Claimant must have been informed of a diagnosis of hypertension by a medical professional before the one year statute of limitations begins to tick.

Brymer v. Town of Clinton, 302 Conn. 755, 31 A. 3rd 353 (November 22, 2011)

 Prior to the Supreme Court’s pronouncement of the new standard in Ciarlelli v. Hamden, 299 Conn. 265, 300, 8 A.3d 1093 (2010), the CRB had affirmed the trial commissioner’s dismissal of a hypertension claim based on recent CRB precedent. In this case an endocrinologist with whom the claimant had consulted for diabetes told the claimant he should “keep an eye on” his blood pressure because of one high blood pressure reading in June of 2000. However, the claimant’s internist had recorded normal readings on twelve of thirteen occasions between 1995 and 2002.

 The trial commissioner found, prior to the Ciarlelli decision, that this one record of an elevated blood pressure constituted notice to the claimant sufficient to trigger §31-294c, even though the physician had testified on cross-examination that, upon review of the other thirteen normal readings over a seven year period, he would not have diagnosed the claimant as hypertensive. TheCRB affirmed the trial commissioner’s holding.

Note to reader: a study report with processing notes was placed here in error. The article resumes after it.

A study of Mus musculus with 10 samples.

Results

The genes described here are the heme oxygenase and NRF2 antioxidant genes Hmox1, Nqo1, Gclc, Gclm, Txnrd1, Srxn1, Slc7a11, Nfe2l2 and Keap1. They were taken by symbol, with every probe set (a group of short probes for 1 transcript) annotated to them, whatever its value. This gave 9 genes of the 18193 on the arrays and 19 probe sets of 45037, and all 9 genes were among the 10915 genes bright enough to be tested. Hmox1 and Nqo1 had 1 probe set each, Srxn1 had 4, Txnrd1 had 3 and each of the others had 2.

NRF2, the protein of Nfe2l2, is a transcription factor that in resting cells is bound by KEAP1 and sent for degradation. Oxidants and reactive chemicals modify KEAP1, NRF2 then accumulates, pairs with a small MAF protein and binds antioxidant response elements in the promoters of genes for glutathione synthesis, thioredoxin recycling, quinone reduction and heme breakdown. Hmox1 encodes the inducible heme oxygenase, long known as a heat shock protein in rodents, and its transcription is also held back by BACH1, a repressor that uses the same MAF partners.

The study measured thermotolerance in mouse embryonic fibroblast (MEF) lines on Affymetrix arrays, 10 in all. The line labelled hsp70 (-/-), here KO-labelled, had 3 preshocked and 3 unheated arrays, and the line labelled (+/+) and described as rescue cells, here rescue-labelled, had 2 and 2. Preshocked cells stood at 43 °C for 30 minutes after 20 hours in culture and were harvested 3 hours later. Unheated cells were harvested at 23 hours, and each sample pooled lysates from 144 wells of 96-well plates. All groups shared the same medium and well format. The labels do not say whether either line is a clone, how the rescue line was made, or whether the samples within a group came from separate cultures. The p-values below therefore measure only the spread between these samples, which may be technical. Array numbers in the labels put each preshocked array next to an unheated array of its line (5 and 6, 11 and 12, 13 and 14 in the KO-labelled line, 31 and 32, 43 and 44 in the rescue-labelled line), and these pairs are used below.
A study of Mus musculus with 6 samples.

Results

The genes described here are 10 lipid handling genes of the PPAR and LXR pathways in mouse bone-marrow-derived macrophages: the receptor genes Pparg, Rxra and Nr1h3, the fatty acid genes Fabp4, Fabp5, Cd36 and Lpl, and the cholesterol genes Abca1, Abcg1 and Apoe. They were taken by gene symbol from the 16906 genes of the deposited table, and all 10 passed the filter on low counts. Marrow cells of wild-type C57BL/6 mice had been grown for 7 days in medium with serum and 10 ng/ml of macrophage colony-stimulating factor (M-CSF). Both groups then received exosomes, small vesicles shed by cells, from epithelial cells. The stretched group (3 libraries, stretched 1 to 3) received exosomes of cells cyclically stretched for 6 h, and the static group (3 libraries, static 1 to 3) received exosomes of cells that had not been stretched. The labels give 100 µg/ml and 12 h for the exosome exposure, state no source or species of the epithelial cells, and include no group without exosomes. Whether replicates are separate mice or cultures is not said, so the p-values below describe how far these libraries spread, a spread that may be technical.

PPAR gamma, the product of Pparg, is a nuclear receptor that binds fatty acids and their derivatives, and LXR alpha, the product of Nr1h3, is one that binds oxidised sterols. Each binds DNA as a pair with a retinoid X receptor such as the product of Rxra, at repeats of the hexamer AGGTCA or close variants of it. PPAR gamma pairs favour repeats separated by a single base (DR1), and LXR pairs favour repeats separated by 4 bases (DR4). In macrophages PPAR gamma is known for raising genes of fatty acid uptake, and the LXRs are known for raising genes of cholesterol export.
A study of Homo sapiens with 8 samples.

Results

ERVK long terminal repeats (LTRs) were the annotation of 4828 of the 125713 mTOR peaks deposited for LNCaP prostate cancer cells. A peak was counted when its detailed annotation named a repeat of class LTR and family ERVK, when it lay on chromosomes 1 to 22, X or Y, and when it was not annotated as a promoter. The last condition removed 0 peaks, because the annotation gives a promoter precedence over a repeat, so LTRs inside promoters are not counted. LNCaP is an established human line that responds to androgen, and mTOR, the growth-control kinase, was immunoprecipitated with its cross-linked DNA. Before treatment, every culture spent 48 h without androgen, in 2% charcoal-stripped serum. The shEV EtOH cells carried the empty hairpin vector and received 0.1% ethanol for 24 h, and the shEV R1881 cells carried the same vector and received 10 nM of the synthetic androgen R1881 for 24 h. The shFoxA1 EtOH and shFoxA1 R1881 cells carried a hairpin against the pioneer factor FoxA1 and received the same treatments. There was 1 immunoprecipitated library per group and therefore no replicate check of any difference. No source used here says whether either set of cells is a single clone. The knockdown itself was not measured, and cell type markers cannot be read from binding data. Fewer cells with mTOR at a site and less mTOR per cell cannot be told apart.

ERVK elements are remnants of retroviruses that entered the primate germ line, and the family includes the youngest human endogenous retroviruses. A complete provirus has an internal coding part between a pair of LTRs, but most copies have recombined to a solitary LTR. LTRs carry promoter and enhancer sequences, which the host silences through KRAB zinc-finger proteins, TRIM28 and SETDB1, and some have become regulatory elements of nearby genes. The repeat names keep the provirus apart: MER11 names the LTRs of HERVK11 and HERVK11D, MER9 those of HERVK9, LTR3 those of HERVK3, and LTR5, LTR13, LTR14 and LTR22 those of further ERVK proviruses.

The Supreme Court held that under Ciarlelli, the claimant must have been told by a medical professional that he was suffering from hypertension. Even if the Supreme Court were to accept, as the defendant urged, that the claimant had been put on notice of his hypertension by virtue of his June 2000 examination by the endocrinologist (as suggested by theCRB in a footnote), because the endocrinologist had reversed his own diagnosis in light of the other readings over seven years, there was no medically sufficient evidence to support a finding of hypertension in June 2000. The Supreme Court reversed theCRB with instructions to remand the case to the trial commissioner for further proceedings.